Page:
01 February 2009

DPJ envisions new role brokering Afghan ceasefire if it takes power (Japan Times)

*Click the title above to read the Japanese verison of this release.

Sunday, Feb. 1, 2009

The Democratic Party of Japan is looking to take an active role in brokering a ceasefire in Afghanistan between U.S.-led forces and Taliban militants if it topples the ruling Liberal Democratic Party and takes power in the next election, according to a draft plan obtained by Kyodo News on Saturday.

With public support for Prime Minister Taro Aso plummeting to historic lows, the main opposition party has been compiling foreign policy goals as it sets its sights on winning the election, which must be held by September.

The DPJ-led government will call on the United Nations to press for the withdrawal of U.S., NATO and Pakistani forces stationed in Afghanistan and instead set up an international team of truce monitors including Japan and several Arab countries not involved in the conflict, the draft said.

The envisioned ceasefire surveillance team would not carry arms and would support Afghan police and Pakistani paramilitary forces to maintain security. Japan would send the Self-Defense Forces, while calling on Arab countries like Saudi Arabia and Jordan to participate.

"We will make it clear that this will be different from the past involvement of foreign troops," a member who participated in compiling the draft said. "Not bearing arms will be an extremely important message that will help to establish peace."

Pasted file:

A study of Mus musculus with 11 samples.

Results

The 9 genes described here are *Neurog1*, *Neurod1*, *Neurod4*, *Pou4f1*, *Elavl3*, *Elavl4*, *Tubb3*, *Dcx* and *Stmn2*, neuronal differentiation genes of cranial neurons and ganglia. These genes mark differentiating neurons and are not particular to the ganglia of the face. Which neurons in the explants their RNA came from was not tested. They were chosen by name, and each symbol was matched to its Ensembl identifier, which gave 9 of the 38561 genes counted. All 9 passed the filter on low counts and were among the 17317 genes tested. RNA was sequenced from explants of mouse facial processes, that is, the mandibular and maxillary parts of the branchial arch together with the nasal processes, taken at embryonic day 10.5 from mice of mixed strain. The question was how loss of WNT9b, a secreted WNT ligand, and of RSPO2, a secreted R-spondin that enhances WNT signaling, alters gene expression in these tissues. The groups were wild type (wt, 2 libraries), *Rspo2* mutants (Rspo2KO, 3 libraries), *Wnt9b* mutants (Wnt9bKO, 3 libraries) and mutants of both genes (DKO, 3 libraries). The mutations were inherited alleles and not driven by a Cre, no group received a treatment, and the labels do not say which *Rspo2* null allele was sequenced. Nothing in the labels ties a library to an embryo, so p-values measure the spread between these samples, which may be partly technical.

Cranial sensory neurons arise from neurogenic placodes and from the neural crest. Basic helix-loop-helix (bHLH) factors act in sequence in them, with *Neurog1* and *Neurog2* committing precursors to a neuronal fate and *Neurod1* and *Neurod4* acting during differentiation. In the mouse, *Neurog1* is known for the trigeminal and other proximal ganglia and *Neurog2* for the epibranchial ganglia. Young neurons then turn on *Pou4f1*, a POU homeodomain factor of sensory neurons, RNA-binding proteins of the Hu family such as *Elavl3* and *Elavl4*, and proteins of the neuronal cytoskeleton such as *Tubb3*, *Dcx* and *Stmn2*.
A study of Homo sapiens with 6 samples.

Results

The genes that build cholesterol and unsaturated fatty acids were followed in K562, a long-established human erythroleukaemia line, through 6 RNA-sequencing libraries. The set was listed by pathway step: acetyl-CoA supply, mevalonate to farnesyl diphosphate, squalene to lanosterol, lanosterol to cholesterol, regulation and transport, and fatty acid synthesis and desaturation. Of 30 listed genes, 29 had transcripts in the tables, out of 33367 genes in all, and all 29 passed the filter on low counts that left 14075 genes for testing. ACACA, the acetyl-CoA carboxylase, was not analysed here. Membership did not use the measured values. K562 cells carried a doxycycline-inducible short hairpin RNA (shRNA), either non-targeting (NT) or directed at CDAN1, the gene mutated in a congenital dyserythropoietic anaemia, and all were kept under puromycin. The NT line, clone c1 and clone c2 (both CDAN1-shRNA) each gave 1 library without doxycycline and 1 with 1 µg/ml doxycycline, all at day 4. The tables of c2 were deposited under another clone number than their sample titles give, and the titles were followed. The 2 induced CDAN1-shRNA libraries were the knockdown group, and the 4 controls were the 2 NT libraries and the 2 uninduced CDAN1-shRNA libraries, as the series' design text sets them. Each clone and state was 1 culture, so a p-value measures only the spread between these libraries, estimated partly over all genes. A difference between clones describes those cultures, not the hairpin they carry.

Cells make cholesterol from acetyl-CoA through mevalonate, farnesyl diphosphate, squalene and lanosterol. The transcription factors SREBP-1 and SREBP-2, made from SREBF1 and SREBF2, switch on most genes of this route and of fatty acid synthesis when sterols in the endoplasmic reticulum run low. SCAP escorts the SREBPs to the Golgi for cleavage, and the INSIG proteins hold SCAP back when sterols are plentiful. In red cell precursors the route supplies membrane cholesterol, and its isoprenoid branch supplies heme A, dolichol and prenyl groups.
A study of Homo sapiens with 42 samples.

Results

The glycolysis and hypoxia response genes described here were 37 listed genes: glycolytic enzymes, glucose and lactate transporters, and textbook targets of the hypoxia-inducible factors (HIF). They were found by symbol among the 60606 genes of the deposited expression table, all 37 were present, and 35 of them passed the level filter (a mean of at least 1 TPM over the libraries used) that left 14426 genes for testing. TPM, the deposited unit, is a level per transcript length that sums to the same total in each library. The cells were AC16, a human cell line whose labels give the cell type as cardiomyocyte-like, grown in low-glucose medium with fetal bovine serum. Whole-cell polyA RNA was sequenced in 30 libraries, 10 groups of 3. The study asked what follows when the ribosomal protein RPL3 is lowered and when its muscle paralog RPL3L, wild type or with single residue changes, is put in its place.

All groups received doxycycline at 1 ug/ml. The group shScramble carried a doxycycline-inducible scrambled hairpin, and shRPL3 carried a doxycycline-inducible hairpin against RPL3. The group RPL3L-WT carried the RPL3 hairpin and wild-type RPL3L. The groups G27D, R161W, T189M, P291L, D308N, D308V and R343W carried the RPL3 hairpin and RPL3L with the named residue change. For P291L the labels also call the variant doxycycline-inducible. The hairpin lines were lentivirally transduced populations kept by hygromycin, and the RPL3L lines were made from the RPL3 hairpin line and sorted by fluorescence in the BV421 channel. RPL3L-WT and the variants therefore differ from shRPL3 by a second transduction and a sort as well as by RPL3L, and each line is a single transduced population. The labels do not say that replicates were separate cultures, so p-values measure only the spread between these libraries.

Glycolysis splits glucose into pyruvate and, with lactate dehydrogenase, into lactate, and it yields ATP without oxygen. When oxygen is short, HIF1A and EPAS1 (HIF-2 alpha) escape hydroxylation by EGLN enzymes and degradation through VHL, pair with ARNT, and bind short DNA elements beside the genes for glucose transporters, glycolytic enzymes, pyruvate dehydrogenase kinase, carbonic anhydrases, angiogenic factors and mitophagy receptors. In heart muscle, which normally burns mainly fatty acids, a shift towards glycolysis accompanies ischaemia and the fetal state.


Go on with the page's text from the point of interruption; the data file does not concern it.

Under the scheme, a nonpartisan group of lawmakers would be established so that working-level talks between Taliban representatives and Afghan and Pakistani ministerial-level officials can be held, according to the draft.

Japan would also host an international conference in Tokyo to find a path toward achieving peace in Afghanistan and ultimately invite Afghan President Hamid Karzai and Pakistani President Asif Zardari to the capital to ink a formal agreement on terminating conflict in Afghanistan, according to the plan.

The plan may still face opposition within the DPJ, given the low probability of a ceasefire being reached in the unstable conditions plaguing in Afghanistan. It may also risk damaging Japanese-U.S. relations since new U.S. President Barack Obama has vowed to increase U.S. forces in Afghanistan.

"The United States is beginning to study an exit strategy and there is still ample room for talks," another official in charge of compiling the draft said.